Russian Prime Minister Dmitry Medvedev yesterday faced angry retirees in Crimea, demanding the government index their pensions to inflation. On the news clip embedded in this article, a woman complains to the Prime Minister to about her tough life in the annexed territory:
It is impossible to live in Crimea for this money, prices are insane, our pensions are being incorrectly indexed, we are being insulted [by the authorities], they cannot even index it by 4 percent. What is 8,000 rubles a month ($120)?! You are using us as doormats! We worked for 45 years of our lives!
Medvedev, who is the head of the United Russia party, did not skip a beat:
We don’t index pensions anywhere in Russia. We do not have the money. Once we find the money, we will index your pensions. Cheer up, and all the best to you. I wish you good health.
In fact, by law, this year Russian pension outlays should grow at 4 percent. This is still nevertheless far below last year’s official inflation rate, which clocked in at 11.9 percent. Pensioners who still hold a job, however, are not eligible for indexed increases under the same law.
Earlier in April, Maxim Topilin, the Russian Labor Minister, claimed that “formally, there are no poor pensioners” living in Russia, since extra payouts from regional budgets make the pension amounts get above the official poverty line. The poverty line for the greater Moscow region in 2016 is defined as $186 per month for working people, $127 per month for retirees, and $162 per month for children. In Crimea it is about $15 less for each category. Around Moscow, rents vary depending on location, but even at the low end will eat up most of that budget. A cup of coffee in Starbucks in Moscow costs around $3, a cheesburger in McDonalds is $1, a gallon of gasoline is the same price as in the U.S., around $2.50, pork costs around is $4 per pound.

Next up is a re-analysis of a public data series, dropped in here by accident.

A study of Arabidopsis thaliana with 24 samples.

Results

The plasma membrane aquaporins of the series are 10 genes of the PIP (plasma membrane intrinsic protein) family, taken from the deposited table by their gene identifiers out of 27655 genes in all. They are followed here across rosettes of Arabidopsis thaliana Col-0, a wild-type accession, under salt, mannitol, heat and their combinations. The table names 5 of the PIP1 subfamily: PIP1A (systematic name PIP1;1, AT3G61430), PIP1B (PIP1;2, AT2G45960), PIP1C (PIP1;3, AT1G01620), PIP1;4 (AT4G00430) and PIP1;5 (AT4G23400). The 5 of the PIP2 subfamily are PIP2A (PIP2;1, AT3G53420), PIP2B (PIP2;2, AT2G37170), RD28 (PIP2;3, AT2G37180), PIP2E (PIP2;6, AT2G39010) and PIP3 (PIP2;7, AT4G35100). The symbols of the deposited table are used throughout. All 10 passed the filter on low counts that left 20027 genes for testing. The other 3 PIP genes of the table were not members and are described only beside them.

The irony for Crimean retirees is that the Russian Government decided to freeze contributions to state pension plans for all Russian citizens in 2014, choosing to raid the plans’ accumulated savings accounts to pay current beneficiaries. When Finance Minister Anton Siluanov was asked when this money would be returned to the pensions, he said, “No one has ever intended to give this money back, because this money was spent on Crimea—on anti-crisis measures.” The Russian Government has subsequently frozen contributions to the pension funds twice more since then—in both 2015 and 2016. Earlier in March this year, the Finance Ministry threatened to continue these policies into 2017, saving $65 billion for the budget.
When high oil prices were lining the state’s coffers, an informal social contract arose between Vladimir Putin and the Russian people: in exchange for guaranteed upkeep of a basic social safety net and a slight increase of living standards, the people would forfeit their political rights and not complain. Putin’s perpetual hold on the Kremlin has in large part been linked to the stability of this arrangement.
A State Duma member said that the Russian Parliament would not consider this pension indexation issue before the September elections. As a result, a suggested campaign poster for the United Russia party has since gone viral across the Russian internet, playing off Medvedev’s clumsy pronouncement: “There is no money. But cheer up!”